Happy Finals Week, collegiettes™! I’m sure it doesn’t feel like a happy finals week, but read ahead and I’ll sprinkle you with a little of the luck of the Irish in order to get you through your final exams, papers and projects. If you’ve followed along on my journey, then you are familiar with my quick weekend style trips. I’ve decided to take advantage of my time abroad and I thought the best way (and as it turns out most exhausting) is to visit as many places and locations as possible. This past weekend in Dublin was the first time I felt that this approach on travel was not the best, a reminder that every location is different, unique, and requires a customized itinerary.


Trinity College Library, Dublin

The reason I wish I had spent more time in Dublin, and Ireland as a whole, is the simple reason that the city and country is so diverse. Ireland isn’t known for gorgeous beaches, ancient cities, or the like. But as I arrived in Dublin, I saw the appeal of the city and country for several different groups. For people who are religious, Ireland has a history rooted in religion (St. Patrick of course). There is an incredible amount of history woven into the city of Dublin, an enormous harbour, a renowned university for the academia, a boisterous nightlife, alternative style street art, whisky distilleries and Guinness storehouses. And that’s just in Dublin.

Throughout Europe, countries and cities claim to have the best beer, or wine, or other form of alcohol. Travelling Europe has at times been like listening to each country claim they are the most alcoholic of the bunch. Ireland, of course, took pride in their beer, cider, and whiskey. However in Ireland, less drinking jokes were made, and a large amount of pride was taken in the production of traditional Irish alcohol. The pride and cultural inclusion led to us finally indulging a European country, and touring the Old Jameson Distillery.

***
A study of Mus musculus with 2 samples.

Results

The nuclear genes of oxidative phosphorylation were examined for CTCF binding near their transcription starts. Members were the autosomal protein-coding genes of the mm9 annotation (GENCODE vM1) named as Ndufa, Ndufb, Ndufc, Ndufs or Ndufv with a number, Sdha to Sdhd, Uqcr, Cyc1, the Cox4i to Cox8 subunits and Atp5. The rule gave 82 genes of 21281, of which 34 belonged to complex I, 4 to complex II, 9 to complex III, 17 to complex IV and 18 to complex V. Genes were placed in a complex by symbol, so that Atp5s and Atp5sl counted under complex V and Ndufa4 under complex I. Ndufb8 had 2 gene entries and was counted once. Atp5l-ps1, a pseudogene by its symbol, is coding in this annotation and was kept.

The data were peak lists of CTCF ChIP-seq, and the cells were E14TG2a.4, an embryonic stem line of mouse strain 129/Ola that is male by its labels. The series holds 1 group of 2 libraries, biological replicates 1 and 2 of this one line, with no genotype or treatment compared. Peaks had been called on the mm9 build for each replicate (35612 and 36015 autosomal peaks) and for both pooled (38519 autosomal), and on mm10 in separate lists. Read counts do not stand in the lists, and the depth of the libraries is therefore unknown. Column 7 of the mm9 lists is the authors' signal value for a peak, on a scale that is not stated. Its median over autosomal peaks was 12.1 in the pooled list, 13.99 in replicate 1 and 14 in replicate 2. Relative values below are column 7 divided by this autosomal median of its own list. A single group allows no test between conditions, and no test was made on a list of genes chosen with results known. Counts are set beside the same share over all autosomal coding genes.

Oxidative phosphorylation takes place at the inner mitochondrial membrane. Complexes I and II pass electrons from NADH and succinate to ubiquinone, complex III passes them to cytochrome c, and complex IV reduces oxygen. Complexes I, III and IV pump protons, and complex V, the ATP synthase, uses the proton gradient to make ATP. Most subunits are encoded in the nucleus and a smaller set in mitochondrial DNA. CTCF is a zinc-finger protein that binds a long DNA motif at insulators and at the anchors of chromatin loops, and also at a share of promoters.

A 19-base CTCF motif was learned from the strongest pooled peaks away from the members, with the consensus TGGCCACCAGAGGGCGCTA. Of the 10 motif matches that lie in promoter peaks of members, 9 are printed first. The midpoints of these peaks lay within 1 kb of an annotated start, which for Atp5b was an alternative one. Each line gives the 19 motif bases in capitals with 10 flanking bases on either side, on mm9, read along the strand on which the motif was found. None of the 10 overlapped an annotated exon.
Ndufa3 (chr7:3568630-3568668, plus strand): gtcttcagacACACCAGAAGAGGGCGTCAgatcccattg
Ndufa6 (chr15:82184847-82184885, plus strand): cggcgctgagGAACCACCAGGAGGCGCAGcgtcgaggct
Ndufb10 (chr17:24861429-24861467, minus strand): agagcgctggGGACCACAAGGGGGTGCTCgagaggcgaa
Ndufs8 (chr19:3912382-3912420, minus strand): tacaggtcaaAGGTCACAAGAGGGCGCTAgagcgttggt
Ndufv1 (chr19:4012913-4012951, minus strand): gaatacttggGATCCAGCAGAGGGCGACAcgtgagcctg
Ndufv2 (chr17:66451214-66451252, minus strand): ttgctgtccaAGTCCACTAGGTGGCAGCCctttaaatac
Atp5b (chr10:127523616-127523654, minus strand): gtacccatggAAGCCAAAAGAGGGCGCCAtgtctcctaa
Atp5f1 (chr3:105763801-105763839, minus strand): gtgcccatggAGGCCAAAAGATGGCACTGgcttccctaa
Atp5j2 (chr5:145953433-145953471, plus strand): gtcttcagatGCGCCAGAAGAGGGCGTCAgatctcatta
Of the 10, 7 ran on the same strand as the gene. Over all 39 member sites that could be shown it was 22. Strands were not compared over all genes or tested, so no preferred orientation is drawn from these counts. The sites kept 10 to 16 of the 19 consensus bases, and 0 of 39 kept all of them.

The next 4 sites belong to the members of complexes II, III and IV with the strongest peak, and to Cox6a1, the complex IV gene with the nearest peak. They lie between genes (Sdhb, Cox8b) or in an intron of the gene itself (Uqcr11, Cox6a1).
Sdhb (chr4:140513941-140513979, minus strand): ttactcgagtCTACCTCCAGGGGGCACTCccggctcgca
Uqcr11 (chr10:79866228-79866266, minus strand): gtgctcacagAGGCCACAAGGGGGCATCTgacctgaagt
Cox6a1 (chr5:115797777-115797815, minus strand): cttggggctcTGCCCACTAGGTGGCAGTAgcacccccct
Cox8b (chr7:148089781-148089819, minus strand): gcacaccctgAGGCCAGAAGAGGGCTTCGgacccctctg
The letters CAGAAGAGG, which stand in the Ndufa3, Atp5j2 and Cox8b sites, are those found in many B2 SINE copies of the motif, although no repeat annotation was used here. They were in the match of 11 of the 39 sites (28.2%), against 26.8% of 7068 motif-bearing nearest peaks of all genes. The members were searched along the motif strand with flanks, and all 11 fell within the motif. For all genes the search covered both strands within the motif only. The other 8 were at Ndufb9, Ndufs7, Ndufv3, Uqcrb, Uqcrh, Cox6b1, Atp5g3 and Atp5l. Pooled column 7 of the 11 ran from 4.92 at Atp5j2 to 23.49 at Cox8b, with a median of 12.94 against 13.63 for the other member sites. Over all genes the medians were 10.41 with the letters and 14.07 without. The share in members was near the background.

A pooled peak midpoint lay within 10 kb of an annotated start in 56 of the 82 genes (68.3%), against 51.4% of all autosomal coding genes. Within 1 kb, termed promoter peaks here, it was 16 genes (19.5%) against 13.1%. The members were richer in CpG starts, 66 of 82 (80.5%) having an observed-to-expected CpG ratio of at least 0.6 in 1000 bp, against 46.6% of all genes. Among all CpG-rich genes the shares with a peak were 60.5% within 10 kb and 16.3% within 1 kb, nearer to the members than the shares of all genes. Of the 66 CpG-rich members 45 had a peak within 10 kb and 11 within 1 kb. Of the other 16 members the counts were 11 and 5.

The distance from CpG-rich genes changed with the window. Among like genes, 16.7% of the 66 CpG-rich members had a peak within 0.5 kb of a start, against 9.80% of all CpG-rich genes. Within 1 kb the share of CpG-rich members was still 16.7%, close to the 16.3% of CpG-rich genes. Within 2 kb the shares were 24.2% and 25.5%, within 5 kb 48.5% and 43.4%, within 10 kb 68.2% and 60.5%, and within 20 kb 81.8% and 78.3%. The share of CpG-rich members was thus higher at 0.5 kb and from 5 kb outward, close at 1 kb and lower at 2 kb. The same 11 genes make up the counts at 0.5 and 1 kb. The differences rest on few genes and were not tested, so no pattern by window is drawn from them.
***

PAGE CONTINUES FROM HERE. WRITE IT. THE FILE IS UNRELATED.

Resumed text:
The tour of the now retired whiskey distillery, (headquarters moved to Cork in the mid 1900’s), was the highlight of the trip. Irish whiskey making was passed down from generation to generation since the mid 1700’s. Prior to the tour, I had no idea how whiskey was made. The tour takes a journey from the collection of barley, creation of malt (germinated barley seeds), turning of the mill and distillation of the whiskey three times We also learned about the storage in used barrels and the blending of the whiskey. The tour was educational, interesting, and littered with fun puns and anecdotes.


The most interesting portion of the whiskey tour came towards the end – the maturation process. After the whiskey is distilled three times, the liquid is clear, and stored in oak barrels. However, Jameson does not use new oak barrels. Jameson purchases old wine, bourbon, and sherry barrels, which in fact contain remnants of wine, sherry, and bourbon in the oak. As the whiskey matures in the barrels, the alcohol trapped in the oak releases and turns the whiskey different colors and adds a unique blend of flavors. Jameson produces 38 different types of whiskey.  n order to do this, there is a master blender who blends two or three of the types of whiskey in a secret formula that is highly protected, and creates a unique blend of Jameson whiskey.

The end of my semester is fast approaching, so my travels are a little slower now. But now I have all the more time to soak in the academic vibes of Oxford!

HCxo,

Heather

 

Photo Credits:

http://i2.cdn.turner.com/cnnnext/dam/assets/120702021923-jameson-heritage-warehouse-story-top.jpg

Heather Palmer

I am a sophomore Elementary Education major at USF! My ultimate goal is to teach abroad after I graduate and make quality education more accessible. Otherwise, I am a vegetarian, beginner yogi, curly haired girl who enjoys laughing at her own jokes.